EghtesadOnline: Stocks had a rollercoaster ride in the Iranian month that ended Feb. 19. Tehran Stock Exchange’s main index lost 669 points or 0.7% during the month to end at 98,148.5. TEDPIX reached its all-time high of 99,522.1 on Jan. 24.
The benchmark index of the over-the-counter market Iran Fara Bourse grew by 14 points or 1.4% during the month to close at 1,098. IFX, too, was at its highest on Feb. 14 as it hit 1,107.76.
Over 22.27 billion shares valued at $1.37 billion were traded at TSE over the month, with the number of traded shares dropping 5% while monthly trade value grew by 10% compared to the month before.
TSE's First Market Index shed 729 points or 1% to stand at 69,818.6. The Second Market Index gave up 84 points or less than 0.01% to reach 208,478, according to Financial Tribune.
At IFB, more than 7.34 billion securities valued at $949.9 million were traded, indicating a 64% growth in traded shares and 34% drop in trade value compared to the month before.
Twenty-four TSE industries posted a downtrend during the period under review and only 11 recorded growth. Base metal and oil product indices, the TSE’s main drivers for the past few months, dropped 1.2% each.
Wood products, paper products and machinery manufacture were the top three growing TSE industries with 40%, 9.1% and 3.8% growth respectively.
Communications equipment, agriculture and insurance incurred the biggest loss with a 9.2%, 8.3% and 6.5% drop respectively.
Communications, real estate and retail were IFB’s top three industries with a 6.5%, 4% and 3.9% growth respectively. The OTC market’s biggest losers were industrial contracting, sugar and pharmaceuticals with losses amounting to 9%, 6% and 5% respectively.
> Forex Gain, Equities Pain
TEDPIX experienced four days of solid uninterrupted growth at the beginning of the month to hit a record. It could not sustain the momentum, however, as the month’s second week witnessed a freefall below the 98,000 level. Limited fluctuations in the remainder of the month failed to revive growth and the index closed lower than it started.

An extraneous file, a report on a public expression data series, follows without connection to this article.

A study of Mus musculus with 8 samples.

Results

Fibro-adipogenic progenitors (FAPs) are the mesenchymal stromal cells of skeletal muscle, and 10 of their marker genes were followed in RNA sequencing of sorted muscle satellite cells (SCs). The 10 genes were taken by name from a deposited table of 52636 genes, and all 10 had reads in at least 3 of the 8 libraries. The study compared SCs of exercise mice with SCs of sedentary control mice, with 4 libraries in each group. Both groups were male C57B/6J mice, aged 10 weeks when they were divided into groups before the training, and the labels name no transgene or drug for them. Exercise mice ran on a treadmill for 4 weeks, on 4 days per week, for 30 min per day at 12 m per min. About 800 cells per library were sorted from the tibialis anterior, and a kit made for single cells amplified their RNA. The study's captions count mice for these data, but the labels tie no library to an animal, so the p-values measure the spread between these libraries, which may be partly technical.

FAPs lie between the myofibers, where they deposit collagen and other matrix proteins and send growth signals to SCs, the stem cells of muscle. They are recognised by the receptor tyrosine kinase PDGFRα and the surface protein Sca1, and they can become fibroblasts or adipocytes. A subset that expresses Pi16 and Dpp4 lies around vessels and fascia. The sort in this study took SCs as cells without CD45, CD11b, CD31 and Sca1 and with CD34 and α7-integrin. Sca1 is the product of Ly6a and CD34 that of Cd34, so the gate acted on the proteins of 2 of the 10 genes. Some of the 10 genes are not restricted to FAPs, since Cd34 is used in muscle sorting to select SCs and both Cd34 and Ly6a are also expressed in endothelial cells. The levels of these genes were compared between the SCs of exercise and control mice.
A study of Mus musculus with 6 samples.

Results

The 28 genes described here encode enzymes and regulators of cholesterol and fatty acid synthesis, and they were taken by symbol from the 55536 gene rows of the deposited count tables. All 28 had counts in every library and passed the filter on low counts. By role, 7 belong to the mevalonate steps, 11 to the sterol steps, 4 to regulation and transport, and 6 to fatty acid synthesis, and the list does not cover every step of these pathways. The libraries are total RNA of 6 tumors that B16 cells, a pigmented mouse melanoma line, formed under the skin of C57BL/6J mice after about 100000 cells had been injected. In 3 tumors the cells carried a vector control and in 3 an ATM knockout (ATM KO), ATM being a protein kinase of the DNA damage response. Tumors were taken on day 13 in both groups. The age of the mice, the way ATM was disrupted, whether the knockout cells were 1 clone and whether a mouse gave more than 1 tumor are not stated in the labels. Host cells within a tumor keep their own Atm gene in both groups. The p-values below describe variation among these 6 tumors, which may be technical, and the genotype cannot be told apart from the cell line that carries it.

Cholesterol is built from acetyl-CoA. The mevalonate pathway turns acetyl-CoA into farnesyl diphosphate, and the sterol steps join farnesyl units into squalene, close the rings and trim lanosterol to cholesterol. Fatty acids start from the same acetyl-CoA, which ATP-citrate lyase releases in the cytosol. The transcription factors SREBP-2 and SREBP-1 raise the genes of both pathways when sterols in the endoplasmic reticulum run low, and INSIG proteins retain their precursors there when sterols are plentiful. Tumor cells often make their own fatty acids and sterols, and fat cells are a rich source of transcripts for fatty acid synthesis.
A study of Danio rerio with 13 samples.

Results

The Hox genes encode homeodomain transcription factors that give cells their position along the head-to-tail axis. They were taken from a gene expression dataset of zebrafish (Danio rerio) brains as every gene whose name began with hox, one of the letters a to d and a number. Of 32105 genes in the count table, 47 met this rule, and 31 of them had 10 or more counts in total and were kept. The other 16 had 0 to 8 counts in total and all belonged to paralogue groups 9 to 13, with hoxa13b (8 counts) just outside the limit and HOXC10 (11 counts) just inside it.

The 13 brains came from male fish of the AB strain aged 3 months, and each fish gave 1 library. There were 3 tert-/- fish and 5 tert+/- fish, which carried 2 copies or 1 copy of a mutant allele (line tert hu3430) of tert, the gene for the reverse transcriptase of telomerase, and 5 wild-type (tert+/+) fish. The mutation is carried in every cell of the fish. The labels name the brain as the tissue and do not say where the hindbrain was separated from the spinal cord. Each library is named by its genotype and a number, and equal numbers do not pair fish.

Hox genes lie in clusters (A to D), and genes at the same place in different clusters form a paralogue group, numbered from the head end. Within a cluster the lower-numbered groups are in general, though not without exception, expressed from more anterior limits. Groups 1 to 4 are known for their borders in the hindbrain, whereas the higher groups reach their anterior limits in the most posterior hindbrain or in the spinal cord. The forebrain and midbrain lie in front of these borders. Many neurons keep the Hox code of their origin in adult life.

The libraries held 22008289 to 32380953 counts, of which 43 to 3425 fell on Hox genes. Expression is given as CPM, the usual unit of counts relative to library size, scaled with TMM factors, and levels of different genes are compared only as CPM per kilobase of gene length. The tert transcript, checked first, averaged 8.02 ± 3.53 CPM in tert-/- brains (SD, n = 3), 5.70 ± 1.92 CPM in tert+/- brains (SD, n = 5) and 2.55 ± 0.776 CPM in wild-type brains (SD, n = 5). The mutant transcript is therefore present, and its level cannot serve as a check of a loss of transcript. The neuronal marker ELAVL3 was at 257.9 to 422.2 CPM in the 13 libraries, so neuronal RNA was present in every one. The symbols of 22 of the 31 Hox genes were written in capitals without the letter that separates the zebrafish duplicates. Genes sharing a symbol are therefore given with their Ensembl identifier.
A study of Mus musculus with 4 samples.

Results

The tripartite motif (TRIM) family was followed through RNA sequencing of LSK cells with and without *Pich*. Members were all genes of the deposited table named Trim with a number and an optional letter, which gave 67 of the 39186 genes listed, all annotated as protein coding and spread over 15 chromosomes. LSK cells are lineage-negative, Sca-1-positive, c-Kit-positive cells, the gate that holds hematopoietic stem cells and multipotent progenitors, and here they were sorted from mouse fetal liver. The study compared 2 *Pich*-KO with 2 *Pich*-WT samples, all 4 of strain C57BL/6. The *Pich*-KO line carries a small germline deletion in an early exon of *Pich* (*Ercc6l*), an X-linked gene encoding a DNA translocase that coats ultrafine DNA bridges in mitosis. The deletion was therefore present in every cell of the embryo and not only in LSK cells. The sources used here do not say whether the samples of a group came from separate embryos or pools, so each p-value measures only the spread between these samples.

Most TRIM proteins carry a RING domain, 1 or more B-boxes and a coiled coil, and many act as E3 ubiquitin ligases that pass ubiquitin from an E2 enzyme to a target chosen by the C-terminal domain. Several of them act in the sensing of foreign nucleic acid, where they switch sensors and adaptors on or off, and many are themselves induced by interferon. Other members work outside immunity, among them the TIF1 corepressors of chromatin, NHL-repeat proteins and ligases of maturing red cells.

Yet, the foreign currency market was all a twitter. The US dollar’s rally against the rial started in the second week of the month, and continued even stronger up to the last week despite a nosedive on Feb. 7. At the height of its volatility, the rial was traded at 49,000 against the greenback, having plunged 14% since the start of 2017.
Despite the positive signals of a weaker currency for equities, traders chose to wait and see as erratic forex movements coupled with a global uncertainty in base metal and oil prices created an atmosphere of uncertainty.
Our sister publication Donya-e-Eqtesad economic daily's analysis has it that bears returning to the market can be seen as normal after months of growth, as a rebound is expected in the medium term.
Any solid growth, however, would require continued positive signals from the global commodity and local FX markets, as well as low interest rates and diminishing systematic risks.
> The Return of High Interest Rates
The US dollar lost its momentum on Feb. 20 as the Central Bank of Iran intervened with a rescue package reversing loose monetary policies implemented in September, which forced banks to reduce their deposit and lending rates.
CBI’s package included authorizing banks to offer interest rates of up to 20% (5% higher than the September cap) on one-year deposits for two weeks.
According to economist and CBI insider, Pouya Jabal-Ameli, the package reduced demand for foreign currency as investors came out in droves to move their deposits into long-term accounts.
The package, which also included the issuance of rial-denominated foreign currency bonds and offered gold coins at attractive prices, was not well-received by everyone in the economic sector.
Chairman of Majlis Economic Commission Mohammad Reza Pour-Ebrahimi described the move as a step backward, arguing that it terminates all the efforts aimed at reducing rates.
The lawmaker also emphasized that the sudden rate increase would be a blow to the stock market’s growing index, ultimately raising the cost of lending for businesses.
Rising interest rates will siphon liquidity away from stocks and simultaneously dampen FX demand and growth. Coupled with the systematic risks such as the fate of the 2015 nuclear deal, investors’ sentiment is expected to remain dented.
> IFX Beats Other Markets in Monthly Gain
TEDPIX could barely hold its own against gains in the forex and gold market in the Iranian month ending Feb. 19. IFX, on the other hand, proved a worthy opponent.
IFX overtook euro in monthly gain to take the first place, with US dollar, Bahar Azadi gold coin and TEDPIX coming next.
However, euro has had the biggest gain as of the beginning of the current fiscal year (March 21, 2017) followed by TEDPIX, IFX, gold and US dollar.
TEDPIX has posted a 27% gain so far this year, while the rate stood at 25.5% for IFX.
The rial was quoted at 57,190 against euro by the month’s close, marking a 1.25% growth for the currency.
Euro’s gain so far this year reached 39%, having started the year at 41,120.
The US dollar gained 0.92% against the rial this month to 45,750. Its gain so far this year has reached 22.06%, having started the year at 37,480.
As for gold, Bahar Azadi gold coin dropped 0.4% last month to 14.6 million rials. Its overall gain so far this year stands at 24.67%.